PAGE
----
Note: A kickoff reception for the new donation site will be held at 10 a.m. on Feb. 14 at the Center for Midwifery Longmont, 2030 Mountain View Ave., Suite 400, Longmont. Press Release 2/10/2020 

With her liver failing and her blood pressure skyrocketing, Jessica Hilbun Schwartz had no choice. She had to deliver her first baby at 36 weeks, four weeks shy of full-term. Although smaller than he would have been at nine months (6 pounds, 4 ounces), her son Miles entered the world just fine — except for one thing.

“He’d nurse for a few minutes and just get tired and fall asleep,” said Schwartz, who had a potentially fatal condition called HELLP that strikes during pregnancy and resolves only by delivering the baby. “He just didn’t have the stamina at that time.”

Going into pregnancy, Schwartz knew she wanted the benefits of exclusive breastfeeding for her baby. So little Miles became one of the many infants who benefit from donor milk, fed via an easier-to-handle bottle as a supplement to his own mother’s milk.

Now Longmont has the city’s first-ever Mothers’ Milk Bank (MMB) Donation and Outreach Center. Just launched by the University of Colorado College of Nursing’s Center for Midwifery (CFM) Longmont, organizers hope to see an increase in the supply of the nutrient-packed donor milk.

Donors supply ‘medicine’ for tiniest patients

“As midwives, we are huge proponents of breastmilk,” said Jessica Anderson, CU Nursing’s director of midwifery services. “We wanted to help donor families give back more easily and give families who are having challenges with breastfeeding more options for human donor milk.”

Numerous studies show that being exclusively human-milk fed boosts health outcomes in sick and premature babies — so much so, Neonatal Intensive Care Unit providers consider breastmilk medicine.

For instance, studies show that incidence of necrotizing enterocolitis (NEC), a common and deadly threat in premature infants, decreases by 75 percent when babies receive human milk exclusively. NEC can destroy the intestinal walls, leading to severe infection and death.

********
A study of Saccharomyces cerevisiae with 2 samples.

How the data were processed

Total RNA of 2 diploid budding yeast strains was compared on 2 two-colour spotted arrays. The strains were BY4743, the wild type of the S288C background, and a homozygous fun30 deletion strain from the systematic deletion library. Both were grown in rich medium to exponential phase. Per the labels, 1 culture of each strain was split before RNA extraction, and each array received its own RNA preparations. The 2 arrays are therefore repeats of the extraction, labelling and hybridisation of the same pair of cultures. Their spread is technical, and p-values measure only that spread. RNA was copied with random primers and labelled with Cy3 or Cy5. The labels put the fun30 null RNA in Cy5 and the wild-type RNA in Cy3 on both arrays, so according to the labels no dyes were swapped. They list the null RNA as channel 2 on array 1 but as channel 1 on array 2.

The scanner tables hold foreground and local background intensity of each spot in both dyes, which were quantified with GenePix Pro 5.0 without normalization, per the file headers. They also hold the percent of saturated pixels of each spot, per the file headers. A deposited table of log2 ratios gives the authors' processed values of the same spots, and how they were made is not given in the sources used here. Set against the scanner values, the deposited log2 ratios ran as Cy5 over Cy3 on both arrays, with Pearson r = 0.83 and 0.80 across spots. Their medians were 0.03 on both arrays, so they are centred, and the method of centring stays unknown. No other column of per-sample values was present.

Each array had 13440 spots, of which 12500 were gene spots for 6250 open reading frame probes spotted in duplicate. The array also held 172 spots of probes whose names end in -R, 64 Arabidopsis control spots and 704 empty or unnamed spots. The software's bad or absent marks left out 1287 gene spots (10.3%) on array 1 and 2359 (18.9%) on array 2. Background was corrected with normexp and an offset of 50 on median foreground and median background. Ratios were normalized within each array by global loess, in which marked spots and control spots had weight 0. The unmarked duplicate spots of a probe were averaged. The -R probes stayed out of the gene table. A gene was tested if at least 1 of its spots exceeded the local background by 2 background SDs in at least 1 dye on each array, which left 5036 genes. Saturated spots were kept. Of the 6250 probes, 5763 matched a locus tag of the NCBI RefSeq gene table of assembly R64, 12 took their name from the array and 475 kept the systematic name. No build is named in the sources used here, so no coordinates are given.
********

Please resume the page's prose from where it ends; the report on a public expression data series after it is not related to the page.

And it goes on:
“Over the last several years, the medical community has realized that breastmilk offers optimal nutrition for babies,” said Nicole Clifton, MD and pediatrician with CU School of Medicine. “It provides special protections against specific conditions unique to preterm infants.”

“It is the No. 1 source to give to a NICU baby whose mother can’t supply it,” said Laraine Lockhart Borman, IBCLC, MMB director of outreach.

The Longmont site joins more than 30 other MMB donation sites across the state. The Colorado-based nonprofit dispenses 750,000-plus ounces of human donor milk each year, largely to hospital NICUs.

The Schwartz family
“I was really glad they had that available,” Schwartz said of the donor milk Miles received. “It was just good peace of mind for me knowing he was getting those extra nutrients,” said Schwartz, who has asthma and hopes breastmilk will keep the disorder and other disorders at bay for her son.

Mothers’ Milk Bank goal: Boost supply; keep it safe

About 450,000 U.S. births each year are premature, and one ounce of donated breast milk can feed a micro-preemie for an entire day, according to the MMB.

“Having a center here in town that allows moms to easily drop off their donations while out running errands will be much appreciated by busy moms in the area,” said Haley Keeling, a devoted breastmilk donor.

“With a newborn, or really kids of any age, in the house, convenience is everything,” said Keeling, who is pregnant with her third daughter and excited about the new site. “I live five minutes from there,” she said of the CFM office next to Longmont United Hospital.

A nonprofit program of Rocky Mountain Children’s Health Foundation, MMB adheres to the strict guidelines of the Human Milk Banking Association of North America (HMBANA).

MMB fully screens donors while keeping it as easy on them as possible, Lockhart Borman said.

Medical releases for mother and baby are required, and donor milk undergoes testing and pasteurization, something Schwartz said was important to her as well. “I like knowing that it’s safe and sterile,” she said.

Keeling, who began donating when nursing her first baby in 2017, said the experience was more than she had imagined.

“I had no idea when I began donating that it would turn into such a rewarding experience. The time and dedication it takes to pump and follow proper storing and freezing procedures is definitely a labor of love, but it is time I will gladly spend to help families and babies in need.”

For more information on donating or receiving, call (303) 869-1888 or visit www.milkbankcolorado.org.